The Royal Society for the Prevention of Accidents is launching an initiative to reduce health and safety “red tape” that can hinder small and medium-sized businesses.
Many such companies face unnecessary problems in securing contracts because of the wide variety of schemes being used by clients or training providers wanting proof they can meet health and safety standards.
Following a report from its National Occupational Safety and Health Committee, RoSPA is calling for a more uniform approach which would mean less paperwork, more efficiency and better help for companies that need to raise standards.
The report has already been sent to the Department for Business, Enterprise and Regulatory Reform in response to the Better Regulation Executive's call for evidence on how to improve health and safety performance in small “low risk” firms.
Roger Bibbings, RoSPA Occupational Safety Adviser, said: “The multitude of assessment, compliance and pre-qualification schemes means businesses that are applying for contracts have to be repeatedly filling in forms to meet the different requirements of each scheme.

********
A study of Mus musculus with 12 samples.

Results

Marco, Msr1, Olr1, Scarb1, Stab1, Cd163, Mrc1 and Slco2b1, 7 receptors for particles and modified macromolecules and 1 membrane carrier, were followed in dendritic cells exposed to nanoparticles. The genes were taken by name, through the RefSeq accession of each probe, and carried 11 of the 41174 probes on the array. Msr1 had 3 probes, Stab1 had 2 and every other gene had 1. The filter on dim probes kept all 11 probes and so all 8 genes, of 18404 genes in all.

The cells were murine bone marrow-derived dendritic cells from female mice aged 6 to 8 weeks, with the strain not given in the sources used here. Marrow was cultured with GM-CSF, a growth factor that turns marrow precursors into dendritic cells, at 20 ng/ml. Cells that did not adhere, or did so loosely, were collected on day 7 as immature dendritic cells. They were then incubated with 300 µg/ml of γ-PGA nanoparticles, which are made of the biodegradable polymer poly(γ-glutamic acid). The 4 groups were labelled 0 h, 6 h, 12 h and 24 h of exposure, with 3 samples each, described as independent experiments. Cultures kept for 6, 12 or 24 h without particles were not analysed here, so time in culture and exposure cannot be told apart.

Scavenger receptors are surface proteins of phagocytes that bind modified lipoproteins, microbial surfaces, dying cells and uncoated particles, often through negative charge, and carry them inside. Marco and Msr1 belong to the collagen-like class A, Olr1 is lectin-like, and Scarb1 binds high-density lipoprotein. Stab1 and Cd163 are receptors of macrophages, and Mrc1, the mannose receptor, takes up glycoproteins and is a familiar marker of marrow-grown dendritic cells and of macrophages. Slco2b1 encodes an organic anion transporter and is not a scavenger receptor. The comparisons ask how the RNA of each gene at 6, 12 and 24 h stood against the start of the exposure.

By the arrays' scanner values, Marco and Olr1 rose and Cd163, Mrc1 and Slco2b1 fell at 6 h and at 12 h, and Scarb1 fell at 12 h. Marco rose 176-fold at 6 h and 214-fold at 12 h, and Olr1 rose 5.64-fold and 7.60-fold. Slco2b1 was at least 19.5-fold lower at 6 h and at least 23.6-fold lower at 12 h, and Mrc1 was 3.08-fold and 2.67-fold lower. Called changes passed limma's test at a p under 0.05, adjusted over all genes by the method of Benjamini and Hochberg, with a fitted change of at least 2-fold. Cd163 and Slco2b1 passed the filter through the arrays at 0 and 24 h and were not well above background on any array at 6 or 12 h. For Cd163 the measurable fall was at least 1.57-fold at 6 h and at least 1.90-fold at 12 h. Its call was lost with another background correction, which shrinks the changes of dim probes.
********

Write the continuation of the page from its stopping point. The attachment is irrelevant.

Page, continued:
“Many of the schemes are of high quality, but few involve any mutual recognition. Some don't even realise that others exist. That means duplication of effort and wasted resources when businesses could be using time more profitably.”
The committee's steering group – chaired by Paul Reeve, Health, Safety and Environment Adviser to the Electrical Contractors Association – is carrying out an 18-month inquiry into ways of helping small and medium-sized enterprises (SMEs). It believes the bureaucracy involved in contract pre-qualification could be reduced greatly and is holding a meeting with interested parties on January 30 to examine ways of doing this.
It will consider how to introduce common criteria for the schemes, allowing them to become more interchangeable so that once competence has been proved under one system it will be recognised by a business using another.
The steering group also thinks SMEs that fail to qualify under these schemes need easier access to health and safety information to help them comply without making excessive and costly responses to their legal duties.
“Hundreds of thousands of businesses have to submit to scrutiny by these schemes which can bring real added health and safety value if we can get the approach right,” Roger Bibbings said.